July 2, 2013

By John Corrado

The Lone Ranger PosterEvery summer, the words “popcorn movie” get thrown around a lot, and The Lone Ranger easily fits the definition of the term.  This is an incredibly entertaining film that provides a surprising amount of thrills, along with a genuine sense of pure fun that is made to be enjoyed on a summer day.

I went into the press screening surrounded by cynicism and not knowing what to expect, and have read some genuinely scathing reviews over the past little while.  But I left the theatre having thoroughly enjoyed myself, and isn’t that what summer movies are supposed to be all about?  The film plays in select theatres tonight and opens everywhere tomorrow.

The story begins in 1933, as an elderly Tonto (Johnny Depp) is recounting the events of close to sixty years earlier, when he teamed up with his masked partner in justice, John Reid (Armie Hammer).  The good young man of the law first meets the Native warrior aboard a train, travelling down the newly sanctioned railroad being developed across the country by business tycoon Latham Cole (Tom Wilkinson).  After his brother Dan (James Badge Dale) and their men are brutally killed by Butch Cavendish (William Fichtner) and his gang, John Reid learns to work with Tonto and dons the famous black mask and white hat to become the Lone Ranger.  With a little help from the eccentric Red (Helena Bonham Carter), who runs a brothel and protects herself with a gun built into her artificial leg, the two partners uncover surprising corruption in a world run by greed.

Although the original show with Clayton Moore and Jay Silverheels precedes my time by many years, I grew up watching syndicated episodes on cable throughout my childhood.  There are obviously some updated moments in this big screen version, but The Lone Ranger is also a surprisingly faithful take on the old show that does a good job capturing the feel of the classic western that originally ran from 1949 to 1957.  There are a few flashes of humour that don’t quite fit with the tone of the rest of the film, but these moments can be easily overlooked throughout the entertaining 149 minute running time.  Because from the cinematography to the cast, this has the feel of an old western.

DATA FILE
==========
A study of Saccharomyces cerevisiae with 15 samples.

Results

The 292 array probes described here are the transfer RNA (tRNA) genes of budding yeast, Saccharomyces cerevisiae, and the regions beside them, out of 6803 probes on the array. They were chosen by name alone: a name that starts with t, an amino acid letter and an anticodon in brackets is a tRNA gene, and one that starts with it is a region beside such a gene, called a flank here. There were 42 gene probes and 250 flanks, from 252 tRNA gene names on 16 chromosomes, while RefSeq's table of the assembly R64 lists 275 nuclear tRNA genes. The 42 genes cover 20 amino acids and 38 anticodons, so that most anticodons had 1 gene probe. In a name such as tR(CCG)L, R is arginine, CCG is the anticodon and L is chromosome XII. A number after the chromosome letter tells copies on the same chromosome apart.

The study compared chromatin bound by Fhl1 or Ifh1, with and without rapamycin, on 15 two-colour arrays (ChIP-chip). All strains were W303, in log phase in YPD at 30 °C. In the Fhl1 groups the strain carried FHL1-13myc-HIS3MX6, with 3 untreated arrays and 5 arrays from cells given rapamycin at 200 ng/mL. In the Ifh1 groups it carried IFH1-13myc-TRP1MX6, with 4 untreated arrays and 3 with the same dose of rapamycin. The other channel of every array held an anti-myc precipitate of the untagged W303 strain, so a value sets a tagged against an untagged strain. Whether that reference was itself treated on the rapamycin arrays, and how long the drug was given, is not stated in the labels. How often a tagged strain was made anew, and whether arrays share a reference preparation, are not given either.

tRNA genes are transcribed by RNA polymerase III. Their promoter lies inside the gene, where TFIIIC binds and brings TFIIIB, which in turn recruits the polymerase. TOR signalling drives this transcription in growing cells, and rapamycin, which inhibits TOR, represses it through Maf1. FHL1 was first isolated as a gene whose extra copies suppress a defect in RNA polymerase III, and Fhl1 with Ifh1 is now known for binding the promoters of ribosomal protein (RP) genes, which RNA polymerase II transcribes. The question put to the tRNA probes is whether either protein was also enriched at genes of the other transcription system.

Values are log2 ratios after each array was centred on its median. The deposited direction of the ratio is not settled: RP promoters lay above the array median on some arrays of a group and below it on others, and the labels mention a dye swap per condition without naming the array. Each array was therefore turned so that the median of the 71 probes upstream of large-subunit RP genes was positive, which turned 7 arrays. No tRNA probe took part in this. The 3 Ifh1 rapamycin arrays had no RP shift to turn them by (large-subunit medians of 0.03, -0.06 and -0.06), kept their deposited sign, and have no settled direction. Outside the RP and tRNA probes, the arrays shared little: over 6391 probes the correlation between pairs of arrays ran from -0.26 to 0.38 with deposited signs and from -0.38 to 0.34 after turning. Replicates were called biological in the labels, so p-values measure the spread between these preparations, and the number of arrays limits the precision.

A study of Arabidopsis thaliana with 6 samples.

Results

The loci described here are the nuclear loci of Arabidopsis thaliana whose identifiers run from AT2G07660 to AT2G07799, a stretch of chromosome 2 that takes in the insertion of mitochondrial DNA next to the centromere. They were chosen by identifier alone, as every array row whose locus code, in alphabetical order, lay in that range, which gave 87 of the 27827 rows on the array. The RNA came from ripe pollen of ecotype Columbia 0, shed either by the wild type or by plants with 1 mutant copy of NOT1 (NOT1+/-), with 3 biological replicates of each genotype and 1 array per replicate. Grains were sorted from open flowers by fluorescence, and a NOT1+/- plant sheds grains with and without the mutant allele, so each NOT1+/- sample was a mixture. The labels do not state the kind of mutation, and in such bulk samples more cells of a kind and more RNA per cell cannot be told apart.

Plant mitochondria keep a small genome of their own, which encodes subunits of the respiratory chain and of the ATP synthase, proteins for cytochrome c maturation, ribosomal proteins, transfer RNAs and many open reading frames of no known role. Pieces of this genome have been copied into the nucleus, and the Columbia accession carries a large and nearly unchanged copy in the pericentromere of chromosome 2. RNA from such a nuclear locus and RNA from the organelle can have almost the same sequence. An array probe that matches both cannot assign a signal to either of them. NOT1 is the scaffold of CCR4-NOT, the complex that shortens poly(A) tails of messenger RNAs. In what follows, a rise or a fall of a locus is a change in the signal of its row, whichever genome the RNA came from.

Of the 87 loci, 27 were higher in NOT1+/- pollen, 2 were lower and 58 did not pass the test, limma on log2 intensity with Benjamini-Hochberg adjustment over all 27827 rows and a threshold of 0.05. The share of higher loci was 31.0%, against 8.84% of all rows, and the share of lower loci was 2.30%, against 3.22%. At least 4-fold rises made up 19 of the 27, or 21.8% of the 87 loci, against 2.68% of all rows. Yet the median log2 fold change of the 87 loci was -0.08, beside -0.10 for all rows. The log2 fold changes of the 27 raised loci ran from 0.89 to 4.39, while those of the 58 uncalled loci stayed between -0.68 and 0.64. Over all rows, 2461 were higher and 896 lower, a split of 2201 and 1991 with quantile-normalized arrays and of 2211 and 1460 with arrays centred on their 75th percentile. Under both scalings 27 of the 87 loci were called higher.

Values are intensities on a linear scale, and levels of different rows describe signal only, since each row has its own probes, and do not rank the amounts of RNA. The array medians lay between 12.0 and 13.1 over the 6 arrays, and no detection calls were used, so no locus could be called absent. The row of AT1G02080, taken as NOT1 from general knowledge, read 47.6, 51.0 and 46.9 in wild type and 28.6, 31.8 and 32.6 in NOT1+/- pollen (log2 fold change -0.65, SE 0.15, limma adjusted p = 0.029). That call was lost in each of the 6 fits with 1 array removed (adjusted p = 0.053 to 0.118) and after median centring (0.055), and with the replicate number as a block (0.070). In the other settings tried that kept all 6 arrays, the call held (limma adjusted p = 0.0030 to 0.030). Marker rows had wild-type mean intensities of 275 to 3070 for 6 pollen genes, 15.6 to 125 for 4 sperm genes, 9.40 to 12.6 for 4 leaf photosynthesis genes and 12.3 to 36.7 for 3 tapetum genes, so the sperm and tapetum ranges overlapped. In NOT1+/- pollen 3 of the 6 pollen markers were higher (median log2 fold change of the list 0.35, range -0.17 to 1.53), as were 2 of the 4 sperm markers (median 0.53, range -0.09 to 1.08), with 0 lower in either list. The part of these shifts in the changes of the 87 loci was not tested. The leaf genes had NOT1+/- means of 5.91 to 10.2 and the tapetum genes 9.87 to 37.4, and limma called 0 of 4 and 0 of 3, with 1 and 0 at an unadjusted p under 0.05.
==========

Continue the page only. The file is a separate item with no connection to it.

Armie Hammer gives an incredibly appealing performance as the upstanding young man of the law, and is quite a good fit for the iconic title role.  Although some have objected to the casting of Johnny Depp as a Native American character, he pulls off the role with aplomb, clearly relishing every moment of his time onscreen.  I respect the opinions of critics who find the casting to be racist, but I don’t think those behind the film had any bad intentions and Johnny Depp seems to have nothing but respect for the heritage that he is representing.  The backstory of Tonto is handled in a respectable way that seriously addresses the unfortunate racism faced by the Comanche Nation, without making light of past tragedies.

But all I can really do is judge the film on the merits of entertainment, and the reason I’m recommending The Lone Ranger is because I like the way that Gore Verbinski directs large scale action scenes.  Just as he did with the first three Pirates of the Caribbean films, here he pulls off several sequences that are genuinely exciting.  This is an entertaining film that’s also well made, with an inherent sense of joy for the material they are bringing to the screen.  The mostly practical special effects are excellent, with the sets and beautifully authentic old train that were built for the production giving a very tactical feel to even the wildest action sequences.  The cinematography is also highly commendable, with the dusty brown tones giving this the look of a classic western through and through.

This is a well crafted blockbuster that stages every set piece with an exhilarating sense of style and scope, making full use of the cinematic landscape.  By the time the William Tell Overture plays over a thrilling climactic sequence involving trains that could only be described as beautifully constructed chaos, I found myself grinning at all of the ingeniously crafted action on display.  The film also has a fair bit of violence that pushes right to the edge of the PG-13 rating, especially for a production under the Disney banner, and it’s definitely not for young kids with plenty of onscreen fatalities and even some blood.  But these things just make it all the more exciting for teens and adults.

The critical reaction to The Lone Ranger has been incredibly mixed, to say the least, and I have to respect the opinions of those who haven’t enjoyed the experience.  But I’m definitely a fan and Disney deserves the film to be a hit with audiences.  This is the sort of movie that is supposed to be seen with a big group of people and an even bigger bucket of popcorn, and for that Gore Verbinski’s The Lone Ranger provides one heck of an entertaining ride.  See this movie with an appreciative audience.